Long-time Gig Harbor planning director Jennifer Kester is taking a job in SeaTac after a change in departments announced by Mayor Kit Kuhn eliminated her position.
“I have accepted an offer with the city of SeaTac to be their Planning Manager,” Kester wrote in a statement to the Peninsula Gateway. “I have greatly enjoyed working for the city, including the opportunity to lead the planning department the last five years.”
With her goes years of experience and detailed knowledge of city planning policies and practices, including the code changes after a six-month building moratorium ended in August.
“She gave 200 percent,” Kuhn said. “She was detail-oriented and worked very hard for the city.”
Kester worked with the city for 16 year, the last five as the planning director. She managed eight employees and made $119,412 a year.
At the beginning of August, the mayor announced his desire to merge the planning and building departments with one director. The new position would be titled the community development director.
“The city ran this way previously for seven years,” Kuhn said. “In this way it is better to only have one pair of eyes.”
Kuhn said he started having concerns with how the city was structured after he began his first term as mayor.
“When a developer or resident comes in with a building project, there are many different people with different tasks,” Kuhn said. “But to get any questions answered you get sent to many different people. There’s a lack of communication. With a new director, I will have a person who can handle all of this, and they will have the knowledge of all the steps it takes to make a project happen.”
Newly hired city administrator Wade Farris said the department changes will be his first large project, which he hopes to complete by December.
“Gig Harbor is a unique place, on purpose,” Farris said. “I want to flush out this structure and meet the vision of the mayor and council. There are a lot of development projects, and this new person can meet those needs.”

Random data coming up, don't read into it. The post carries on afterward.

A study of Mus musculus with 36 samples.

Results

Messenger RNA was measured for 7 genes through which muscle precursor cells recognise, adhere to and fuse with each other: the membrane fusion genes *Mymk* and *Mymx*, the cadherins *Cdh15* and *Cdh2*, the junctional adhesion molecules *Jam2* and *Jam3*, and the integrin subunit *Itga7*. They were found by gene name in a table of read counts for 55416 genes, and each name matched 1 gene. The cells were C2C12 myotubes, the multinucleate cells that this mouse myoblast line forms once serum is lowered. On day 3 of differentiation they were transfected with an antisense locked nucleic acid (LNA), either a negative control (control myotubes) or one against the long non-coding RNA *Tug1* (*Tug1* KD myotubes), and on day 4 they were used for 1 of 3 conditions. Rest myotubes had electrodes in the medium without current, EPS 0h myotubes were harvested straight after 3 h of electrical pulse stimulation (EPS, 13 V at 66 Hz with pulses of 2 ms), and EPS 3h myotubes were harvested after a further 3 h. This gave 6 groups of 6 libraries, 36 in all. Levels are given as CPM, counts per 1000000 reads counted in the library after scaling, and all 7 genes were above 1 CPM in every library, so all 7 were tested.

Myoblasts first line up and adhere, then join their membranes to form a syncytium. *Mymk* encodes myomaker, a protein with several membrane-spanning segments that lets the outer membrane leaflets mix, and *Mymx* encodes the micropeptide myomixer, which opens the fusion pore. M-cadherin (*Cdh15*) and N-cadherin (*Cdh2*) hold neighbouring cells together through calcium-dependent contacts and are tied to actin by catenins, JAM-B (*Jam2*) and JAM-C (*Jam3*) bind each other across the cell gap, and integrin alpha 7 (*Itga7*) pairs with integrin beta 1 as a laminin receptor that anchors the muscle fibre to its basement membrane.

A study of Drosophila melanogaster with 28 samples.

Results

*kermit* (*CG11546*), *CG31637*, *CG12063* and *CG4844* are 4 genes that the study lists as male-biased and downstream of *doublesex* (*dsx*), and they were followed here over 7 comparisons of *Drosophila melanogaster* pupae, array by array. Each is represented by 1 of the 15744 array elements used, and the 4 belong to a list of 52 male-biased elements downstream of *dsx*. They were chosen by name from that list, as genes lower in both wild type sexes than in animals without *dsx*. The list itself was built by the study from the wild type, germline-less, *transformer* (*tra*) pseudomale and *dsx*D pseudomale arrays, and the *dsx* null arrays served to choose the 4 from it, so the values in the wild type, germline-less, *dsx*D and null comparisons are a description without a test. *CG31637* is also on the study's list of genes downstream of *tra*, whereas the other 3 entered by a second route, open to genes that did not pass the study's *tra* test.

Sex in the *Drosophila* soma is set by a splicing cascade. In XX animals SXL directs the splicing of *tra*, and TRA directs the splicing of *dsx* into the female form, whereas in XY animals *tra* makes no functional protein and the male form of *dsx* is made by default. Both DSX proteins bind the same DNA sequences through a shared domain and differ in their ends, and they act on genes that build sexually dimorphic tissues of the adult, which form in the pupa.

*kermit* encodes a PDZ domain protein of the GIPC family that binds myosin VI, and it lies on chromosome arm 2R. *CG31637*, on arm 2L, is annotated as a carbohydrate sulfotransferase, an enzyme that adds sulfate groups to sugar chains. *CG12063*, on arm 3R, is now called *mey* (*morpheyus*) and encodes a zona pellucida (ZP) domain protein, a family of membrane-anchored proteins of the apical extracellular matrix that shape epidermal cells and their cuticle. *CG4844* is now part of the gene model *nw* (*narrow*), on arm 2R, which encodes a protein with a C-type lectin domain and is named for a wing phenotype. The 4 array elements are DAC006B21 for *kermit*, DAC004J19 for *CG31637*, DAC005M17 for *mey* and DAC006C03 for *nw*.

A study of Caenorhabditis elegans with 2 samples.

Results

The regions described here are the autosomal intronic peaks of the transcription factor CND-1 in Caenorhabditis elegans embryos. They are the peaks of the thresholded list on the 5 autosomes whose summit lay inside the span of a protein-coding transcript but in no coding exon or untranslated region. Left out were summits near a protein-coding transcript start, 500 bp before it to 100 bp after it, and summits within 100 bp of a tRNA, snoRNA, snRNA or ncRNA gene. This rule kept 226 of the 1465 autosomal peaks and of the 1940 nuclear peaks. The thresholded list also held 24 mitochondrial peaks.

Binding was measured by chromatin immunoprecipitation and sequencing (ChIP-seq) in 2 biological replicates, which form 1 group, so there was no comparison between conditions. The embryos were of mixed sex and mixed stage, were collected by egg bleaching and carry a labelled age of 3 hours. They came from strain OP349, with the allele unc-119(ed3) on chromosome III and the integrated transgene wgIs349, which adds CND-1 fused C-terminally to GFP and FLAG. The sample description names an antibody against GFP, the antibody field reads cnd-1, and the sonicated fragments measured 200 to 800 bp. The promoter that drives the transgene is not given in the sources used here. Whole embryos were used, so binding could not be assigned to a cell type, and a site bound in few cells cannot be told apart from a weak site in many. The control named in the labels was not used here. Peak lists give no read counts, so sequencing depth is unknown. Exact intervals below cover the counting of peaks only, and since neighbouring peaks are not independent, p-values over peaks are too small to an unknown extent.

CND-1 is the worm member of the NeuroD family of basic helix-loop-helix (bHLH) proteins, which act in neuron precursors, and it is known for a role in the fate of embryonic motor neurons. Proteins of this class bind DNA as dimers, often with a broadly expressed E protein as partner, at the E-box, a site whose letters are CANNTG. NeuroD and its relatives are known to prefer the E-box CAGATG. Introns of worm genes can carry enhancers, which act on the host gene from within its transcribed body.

Kester was invited to apply for the new director position but declined the invitation after being offered a position with the city of SeaTac.
“Her invitation to interview did not guarantee her a job,” Kuhn said. “I wanted to make sure to see all the applicants.”
Losing Kester, Farris said, is more than losing a dedicated employee.
“We are going to lose her experience and corporate knowledge,” Farris said. “We are going to use her last three weeks to help transition, train and guide her employees.”
Kuhn said he has not publicly posted the opening for a community development director.
The merger is the not the first shake-up under Kuhn.
In January, the mayor removed former city administrator Ron Williams, following up on one of his campaign promises. Kuhn has since hired Farris to take over permanently. The mayor is also considering hiring an in-house attorney.
“I have no problem with the performance of Wallace, Ogden and Murphy,” Kuhn said. “But everything seems to be a contract, and we are a busy city. Having an attorney in-house to be able for staff, council and myself to walk right into their office and get an answer or change a contract right away will save time, money and efficiency.”
Farris said he is working with the mayor and department heads to create a new employee organizational chart before the mayor advertises for the new community development director position.
“This is a great community to serve, and I wish it the best as it continues to grapple with tough issues,” Kester wrote in her statement. “I am honored and humbled to have been able to work with so many great employees.”